Harrison Selectmen Race: Bean, Belanger, Dumont, Hudson in the running for two seats

Penny Bean

By Wayne E. Rivet

Staff Writer

HARRISON — Four candidates will seek two seats on the Harrison Board of Selectmen as voters go to the polls this coming Tuesday, June 12, from 8 a.m. to 8 p.m. at the town office meeting room.

The ballot lists incumbent Achille F.S. Belanger along with challengers Penny Bean and Henry Dumont. Henry Hudson Jr. has announced he is a write-in candidate.

“I do not plan to campaign. If people write me in, I will accept the job,” said Hudson, who served as a selectman about 20 years ago. He was encouraged to seek a return to the board for a three-year term.

Hudson says he brings years of experience running a business, will act in what is in the best interest of the town, and has “no axes to grind.”

Achille Belanger

The News reached out to the other three candidates, who provided the following background profiles and answers to four questions:

  • Responses are arranged alphabetically.


Penny Bean: I grew up in Harrison and attended schools here. After graduation, I began a 15-year career in banking and moved to the Portland area. It didn’t take me long to realize I missed Harrison. I moved back home and continued to commute. In 2002, I changed careers and accepted a job as Deputy Town Clerk in Harrison while starting a family. In 2015, I accepted a position at the City of Westbrook, and worked there until January of this year when I became the Town Clerk in Casco. I currently reside in Scribner’s Mills with my 15-year-old daughter, Danielle.

Achille Belanger: Completed first term as selectman; 16 ½ years working at the Harrison Transfer Station; 45 years residing in Harrison; bachelor’s degree in Communications.

Henry Dumont

Henry Dumont: I was born, brought up and have lived in Maine most of my life. I married, brought up six children and have 11 grandchildren. I have been a widower for 21 years. I was in the military, owned my own business, worked in the post office and was a postmaster in Atkinson, N.H., which is the only time I lived outside Maine (13 years out of my 84 years). I love the outdoors, whether it is walking, hiking, hunting, fishing, boating, etc. I am still very active and love to keep busy. Love to spend time with my children and grandchildren.

Candidate Questions

Why did you decide to seek office?

Penny Bean: Since leaving the town office in 2015, I have missed the interaction with the taxpayers and residents of Harrison. This as an opportunity to serve and represent the people of Harrison once again.

Achille Belanger: Because I care deeply about our town and our way of life.

Henry Dumont: I think the town selectmen have been doing a good job. There were a couple of free seats, I finally have some free time and thought I could help keep the town running smoothly. It just seemed like the perfect time.

What strengths and experiences would you bring to the position?

Penny Bean: I have spent almost all my life in Harrison and my family has deep roots here. I have worked in municipal government for 16 years, 13 of those years here in Harrison. This experience has given me a good understanding of how the town operates.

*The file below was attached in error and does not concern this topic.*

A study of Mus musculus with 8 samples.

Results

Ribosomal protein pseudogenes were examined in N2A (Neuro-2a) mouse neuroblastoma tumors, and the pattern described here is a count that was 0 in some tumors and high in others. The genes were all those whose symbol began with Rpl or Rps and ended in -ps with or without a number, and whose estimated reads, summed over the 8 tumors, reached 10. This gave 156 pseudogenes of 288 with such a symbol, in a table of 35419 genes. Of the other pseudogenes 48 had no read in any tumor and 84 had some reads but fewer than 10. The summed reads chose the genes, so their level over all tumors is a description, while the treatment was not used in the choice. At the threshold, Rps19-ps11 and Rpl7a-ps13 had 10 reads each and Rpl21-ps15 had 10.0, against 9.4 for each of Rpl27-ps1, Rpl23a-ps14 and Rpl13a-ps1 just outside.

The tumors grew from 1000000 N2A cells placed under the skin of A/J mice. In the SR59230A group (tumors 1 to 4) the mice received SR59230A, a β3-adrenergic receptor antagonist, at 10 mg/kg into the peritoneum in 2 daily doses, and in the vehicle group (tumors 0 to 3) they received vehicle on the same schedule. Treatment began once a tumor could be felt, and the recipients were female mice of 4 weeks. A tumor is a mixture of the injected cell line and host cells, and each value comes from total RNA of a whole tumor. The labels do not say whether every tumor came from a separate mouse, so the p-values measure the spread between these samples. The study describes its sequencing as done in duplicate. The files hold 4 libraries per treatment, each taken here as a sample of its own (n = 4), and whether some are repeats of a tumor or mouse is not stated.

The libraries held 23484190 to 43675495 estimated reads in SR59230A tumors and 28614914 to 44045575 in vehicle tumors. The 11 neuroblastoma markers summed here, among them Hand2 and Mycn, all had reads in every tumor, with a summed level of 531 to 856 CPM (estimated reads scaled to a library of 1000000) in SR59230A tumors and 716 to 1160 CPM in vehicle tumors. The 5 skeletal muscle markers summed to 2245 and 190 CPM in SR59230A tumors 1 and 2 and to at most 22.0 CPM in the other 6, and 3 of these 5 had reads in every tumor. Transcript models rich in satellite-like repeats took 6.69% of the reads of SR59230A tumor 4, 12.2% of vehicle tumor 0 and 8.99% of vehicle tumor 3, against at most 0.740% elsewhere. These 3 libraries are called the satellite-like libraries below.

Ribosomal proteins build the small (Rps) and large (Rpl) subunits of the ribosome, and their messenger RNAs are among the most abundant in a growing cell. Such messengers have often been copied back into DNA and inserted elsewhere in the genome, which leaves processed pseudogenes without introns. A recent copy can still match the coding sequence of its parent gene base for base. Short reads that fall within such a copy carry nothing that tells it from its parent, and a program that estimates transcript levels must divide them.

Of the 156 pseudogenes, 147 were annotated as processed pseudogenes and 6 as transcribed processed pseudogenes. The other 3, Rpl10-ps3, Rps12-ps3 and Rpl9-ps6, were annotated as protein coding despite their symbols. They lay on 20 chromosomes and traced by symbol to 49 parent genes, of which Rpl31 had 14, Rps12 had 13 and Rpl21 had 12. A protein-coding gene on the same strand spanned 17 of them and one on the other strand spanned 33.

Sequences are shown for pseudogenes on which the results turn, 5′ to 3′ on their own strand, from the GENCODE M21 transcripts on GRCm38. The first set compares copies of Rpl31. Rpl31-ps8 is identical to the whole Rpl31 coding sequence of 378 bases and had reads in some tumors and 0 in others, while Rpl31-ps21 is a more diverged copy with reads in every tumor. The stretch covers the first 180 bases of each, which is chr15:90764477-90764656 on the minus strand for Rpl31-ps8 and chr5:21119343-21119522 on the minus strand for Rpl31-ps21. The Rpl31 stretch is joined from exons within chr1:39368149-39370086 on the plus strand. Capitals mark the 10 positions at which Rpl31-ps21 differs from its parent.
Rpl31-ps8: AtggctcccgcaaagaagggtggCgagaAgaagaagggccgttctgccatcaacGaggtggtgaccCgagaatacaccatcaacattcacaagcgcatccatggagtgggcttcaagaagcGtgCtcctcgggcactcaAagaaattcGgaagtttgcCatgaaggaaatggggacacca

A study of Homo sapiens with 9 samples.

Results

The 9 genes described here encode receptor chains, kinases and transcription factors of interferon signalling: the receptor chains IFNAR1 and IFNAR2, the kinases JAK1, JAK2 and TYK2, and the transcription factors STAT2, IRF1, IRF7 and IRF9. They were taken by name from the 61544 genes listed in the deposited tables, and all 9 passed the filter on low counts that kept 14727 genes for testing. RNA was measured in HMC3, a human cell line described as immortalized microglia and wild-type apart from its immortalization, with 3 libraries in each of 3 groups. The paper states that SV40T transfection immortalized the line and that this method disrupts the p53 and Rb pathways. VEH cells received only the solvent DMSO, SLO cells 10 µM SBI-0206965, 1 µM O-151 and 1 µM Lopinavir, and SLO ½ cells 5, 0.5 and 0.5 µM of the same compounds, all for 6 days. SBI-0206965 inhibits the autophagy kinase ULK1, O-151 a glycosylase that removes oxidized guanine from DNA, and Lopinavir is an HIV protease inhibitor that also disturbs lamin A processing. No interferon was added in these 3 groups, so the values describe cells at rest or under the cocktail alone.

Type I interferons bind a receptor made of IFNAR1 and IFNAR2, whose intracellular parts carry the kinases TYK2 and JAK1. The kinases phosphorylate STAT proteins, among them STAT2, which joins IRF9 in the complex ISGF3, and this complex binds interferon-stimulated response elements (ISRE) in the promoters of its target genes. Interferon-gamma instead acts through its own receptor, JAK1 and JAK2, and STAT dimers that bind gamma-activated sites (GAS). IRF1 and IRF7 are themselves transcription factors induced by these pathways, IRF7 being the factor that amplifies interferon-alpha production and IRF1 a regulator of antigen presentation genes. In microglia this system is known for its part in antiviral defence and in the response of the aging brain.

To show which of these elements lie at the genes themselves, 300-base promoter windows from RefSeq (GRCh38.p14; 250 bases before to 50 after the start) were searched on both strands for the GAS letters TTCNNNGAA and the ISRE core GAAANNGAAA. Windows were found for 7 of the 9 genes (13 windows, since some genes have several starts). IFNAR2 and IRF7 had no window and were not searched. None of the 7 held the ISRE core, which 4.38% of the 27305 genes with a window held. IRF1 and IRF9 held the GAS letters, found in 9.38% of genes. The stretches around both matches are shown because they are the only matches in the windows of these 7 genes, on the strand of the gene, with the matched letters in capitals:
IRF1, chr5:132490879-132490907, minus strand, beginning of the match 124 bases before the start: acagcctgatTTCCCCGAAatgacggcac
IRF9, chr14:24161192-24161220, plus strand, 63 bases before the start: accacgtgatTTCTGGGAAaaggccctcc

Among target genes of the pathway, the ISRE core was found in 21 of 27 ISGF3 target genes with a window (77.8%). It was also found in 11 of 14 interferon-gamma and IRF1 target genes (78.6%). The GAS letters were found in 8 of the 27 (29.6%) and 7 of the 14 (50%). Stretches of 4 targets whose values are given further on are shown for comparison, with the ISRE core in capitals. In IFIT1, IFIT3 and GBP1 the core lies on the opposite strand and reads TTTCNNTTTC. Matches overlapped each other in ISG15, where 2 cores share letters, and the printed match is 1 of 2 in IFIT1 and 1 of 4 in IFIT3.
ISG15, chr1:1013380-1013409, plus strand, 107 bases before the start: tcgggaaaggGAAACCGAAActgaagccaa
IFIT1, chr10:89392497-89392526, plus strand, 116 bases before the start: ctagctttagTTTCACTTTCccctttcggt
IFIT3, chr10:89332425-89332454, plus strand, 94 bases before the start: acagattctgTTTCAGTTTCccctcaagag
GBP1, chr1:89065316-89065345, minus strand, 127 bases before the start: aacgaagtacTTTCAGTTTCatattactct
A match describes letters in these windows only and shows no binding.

Achille Belanger: Three years of service as a selectman, so far.

Henry Dumont: I think my varied background will bring a good mix to the board of selectmen. I have experience in business and management along with experience in a variety of other work, which will help in running the town. I was in the military, have run my own business, worked in management most of my life, worked in the post office, was a postmaster in Atkinson, N.H. (only time I lived outside Maine), retired and have been doing odd handyman type jobs. I have also been involved in a variety of public service-type organizations throughout my life and thought it was time to get involved in public service again.

What do you feel are some of the main issues facing the town?

Penny Bean: Keeping taxes at a point where they don’t continue to rise and watching spending.

Achille Belanger: Taxes. School system (and lack of our say in it). Road repair. Affordable housing for young people. Good paying community jobs that would allow a living wage.

Henry Dumont: The town is doing a good job and with the change of town manager. I would like to help the town keep going in a positive direction. I would like to keep the town maintaining roads, schools and helping elderly to stay in their homes.

Why do you feel public service is important?

Penny Bean: It is just something I have always done, starting at an early age. I love helping people from tutoring kids when I was in high school, to being a part of the Big Brother/Big Sister program, to being a Brownie and Girl Scout leader, to managing the Christmas for Kids program. I enjoy every minute of it.

Achille Belanger: It is a right and a privilege, only allowed in a democracy.

Henry Dumont: I feel public service is important because it takes a village to get involved, even just one person at a time. It is my time to get involved. There is a great need for local people to get caught up and be informed in what is happening in town and the area. I usually am the person that helps behind the scenes, but feel it is the right time to get involved more myself.

Also on the Ballot

Planning Board: Two members, three-year terms — James Dayton, Elizabeth Perron

Appeals Board: One member, five-year term — John Strickland

School Board: One member, three-year term — Albert Lisowski

School Board: One member, one-year term — Kathleen Laplante.

Town Meeting

The annual town meeting will be held on Wednesday, June 13, beginning at 6:30 p.m. at the Harrison Elementary School gym.